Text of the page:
At a San Francisco media conference last week, Google announced the launch of Voice Search, previously a popular feature for Android and iPhones, for desktop searching. Although a microphone is obviously required, built-in microphones are now a common feature on most laptops and iMacs, so the feature will not require additional hardware for many users.
The success of Google’s Voice Search on smartphones, which has increased voice search usage by some 600% in the past year, was no doubt due to the ease of use compared to frustratingly small smartphone touch keypads. Mobile Voice Search provided a happy alternative for on-the-move users more inclined to talk into their phone rather than delicately attempting to hit the right letters. The technology was designed with local results in mind, allowing mobile users to, for example, simply ask their phone for the best pizza in the area and have the results delivered to them in seconds- as shown in the below video from Google.
But how well will the technology translate to the desktop? As far as speed and accuracy is concerned, standard keyboards are far more reliable (and large) than smartphone keypads, so it is doubtful that Voice Search will boast the same convenience factor that it does on the phone, a technology where speech is traditionally the main input method. However, if the Voice Search service is as reliable as the below video advertises it to be, it may certainly offer a speedy method of input for the keyboard-shy, the spelling-weary, the time-deprived, or anyone interested in a fun new way to search.
- Google Desktop Voice Search
How will Voice Search affect search behaviour?
There’s no doubt that voice search will be the fastest search method for most people. In light of this, it’s likely that voice search will be beneficial in several situations.
Speed is a key benefit of Voice Search, so very hurried searchers (as illustrated by the ‘flights’ example in the official video) may be likely to utilise the feature more than the average office worker or home user. This means that a solid SEO strategy, including long-tail and local keywords, will become all the more important websites that offer services to busy people, from taxi services and drivers, to phone directories, to flower shops.
Highly specific or ‘long tail’ queries may be much simpler and quicker to deliver vocally, such as “What time does the sun rise in Sydney in June?” rather than phrasing and typing a keyword query like “Sydney sunrise time June”. From an SEO point of view, this will mean that more than ever before, websites should be completing detailed keyword research and ensuring that all relevant variations are covered off by quality content, which Google has emphasised as the most important on-site factor for high rankings. Given the success of Voice Search on mobile devices, websites should already be incorporating local and long-tail keywords into their SEO strategy.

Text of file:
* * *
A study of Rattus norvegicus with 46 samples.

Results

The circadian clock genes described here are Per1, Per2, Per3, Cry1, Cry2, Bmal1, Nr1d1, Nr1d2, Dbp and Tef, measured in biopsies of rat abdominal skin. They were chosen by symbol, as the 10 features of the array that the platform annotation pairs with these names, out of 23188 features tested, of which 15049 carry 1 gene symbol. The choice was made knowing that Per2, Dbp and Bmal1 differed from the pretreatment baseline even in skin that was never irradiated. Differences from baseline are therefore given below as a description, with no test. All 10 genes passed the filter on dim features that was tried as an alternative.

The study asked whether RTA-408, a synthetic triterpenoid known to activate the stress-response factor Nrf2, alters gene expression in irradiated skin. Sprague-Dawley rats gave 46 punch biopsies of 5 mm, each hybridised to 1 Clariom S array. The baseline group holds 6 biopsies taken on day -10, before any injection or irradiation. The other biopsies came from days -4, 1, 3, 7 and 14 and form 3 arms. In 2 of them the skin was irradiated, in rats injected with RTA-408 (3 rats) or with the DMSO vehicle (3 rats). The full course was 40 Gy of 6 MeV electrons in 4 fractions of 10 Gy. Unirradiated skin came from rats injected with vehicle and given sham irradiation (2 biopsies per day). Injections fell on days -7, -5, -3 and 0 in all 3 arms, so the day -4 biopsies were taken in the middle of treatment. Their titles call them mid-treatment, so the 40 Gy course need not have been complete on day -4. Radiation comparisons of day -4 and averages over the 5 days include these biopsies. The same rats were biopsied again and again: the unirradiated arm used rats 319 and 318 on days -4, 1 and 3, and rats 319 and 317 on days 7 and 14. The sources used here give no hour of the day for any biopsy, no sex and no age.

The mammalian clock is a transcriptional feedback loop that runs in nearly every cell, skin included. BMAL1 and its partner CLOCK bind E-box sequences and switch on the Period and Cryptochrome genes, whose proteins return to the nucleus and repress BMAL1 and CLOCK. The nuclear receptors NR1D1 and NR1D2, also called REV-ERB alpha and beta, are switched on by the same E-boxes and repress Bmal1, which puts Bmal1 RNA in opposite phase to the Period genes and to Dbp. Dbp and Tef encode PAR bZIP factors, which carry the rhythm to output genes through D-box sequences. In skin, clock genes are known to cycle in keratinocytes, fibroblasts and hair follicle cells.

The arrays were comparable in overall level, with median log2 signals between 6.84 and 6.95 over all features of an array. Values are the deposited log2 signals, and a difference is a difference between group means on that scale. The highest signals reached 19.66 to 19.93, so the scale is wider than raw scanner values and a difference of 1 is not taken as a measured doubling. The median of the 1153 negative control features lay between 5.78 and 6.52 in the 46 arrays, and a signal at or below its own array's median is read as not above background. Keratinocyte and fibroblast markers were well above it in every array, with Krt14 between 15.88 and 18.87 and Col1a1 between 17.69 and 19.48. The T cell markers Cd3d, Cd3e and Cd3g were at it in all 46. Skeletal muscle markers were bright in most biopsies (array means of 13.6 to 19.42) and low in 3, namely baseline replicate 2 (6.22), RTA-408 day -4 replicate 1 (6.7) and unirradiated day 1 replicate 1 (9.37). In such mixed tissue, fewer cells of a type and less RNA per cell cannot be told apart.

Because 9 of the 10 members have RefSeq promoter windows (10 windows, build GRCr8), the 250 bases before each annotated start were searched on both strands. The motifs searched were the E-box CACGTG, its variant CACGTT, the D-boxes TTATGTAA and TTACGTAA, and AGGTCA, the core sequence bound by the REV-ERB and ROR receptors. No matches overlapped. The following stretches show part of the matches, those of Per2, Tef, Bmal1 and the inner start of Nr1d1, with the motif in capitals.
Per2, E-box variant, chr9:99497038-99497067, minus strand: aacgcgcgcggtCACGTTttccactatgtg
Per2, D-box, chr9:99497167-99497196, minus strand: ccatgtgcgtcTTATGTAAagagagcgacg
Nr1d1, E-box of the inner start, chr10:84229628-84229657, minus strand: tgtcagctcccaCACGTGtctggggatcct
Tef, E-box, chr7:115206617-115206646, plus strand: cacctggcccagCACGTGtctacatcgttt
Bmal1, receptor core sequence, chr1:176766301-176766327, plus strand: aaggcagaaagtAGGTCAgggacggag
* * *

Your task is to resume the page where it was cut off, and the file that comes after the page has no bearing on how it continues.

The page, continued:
The potential changes in keyword behaviour are the most intriguing prospects from the advent of both mobile and desktop Voice Search. Keyword consideration must be given to each search variant, whether made using a voice or keyboard, mobile or desktop, as search behaviour may change with each variable and your website will need to have the right information to answer each query.
Say for example, you are a restaurant owner. Considering the keyword variants that people will use from each different search situation will allow you to ensure you have the information you need to be found by anyone, searching from anywhere. For the desktop keyboard searchers, you will want to be found for traditional keywords like ‘restaurants in Sydney’ and ‘best Italian restaurants Sydney’.
In terms of mobile users, it’s likely that their searchers will be highly local and specified: “Italian restaurant George Street Sydney CBD” or “Late night Italian restaurant Sydney”. And although desktop voice search behaviour is yet to be determined, it is likely that more speech or question-like queries could become popular, so you might wish to have your website answer queries like “Where’s good for Italian in Sydney?” or even “What should I have for dinner tonight?”
If Voice Search really takes off, then SEO considerations need to extend past traditional keyword research. With Voice Search, the emphasis will be clearly placed on what voice searchers will askof Google, which may be significantly different to what they may type.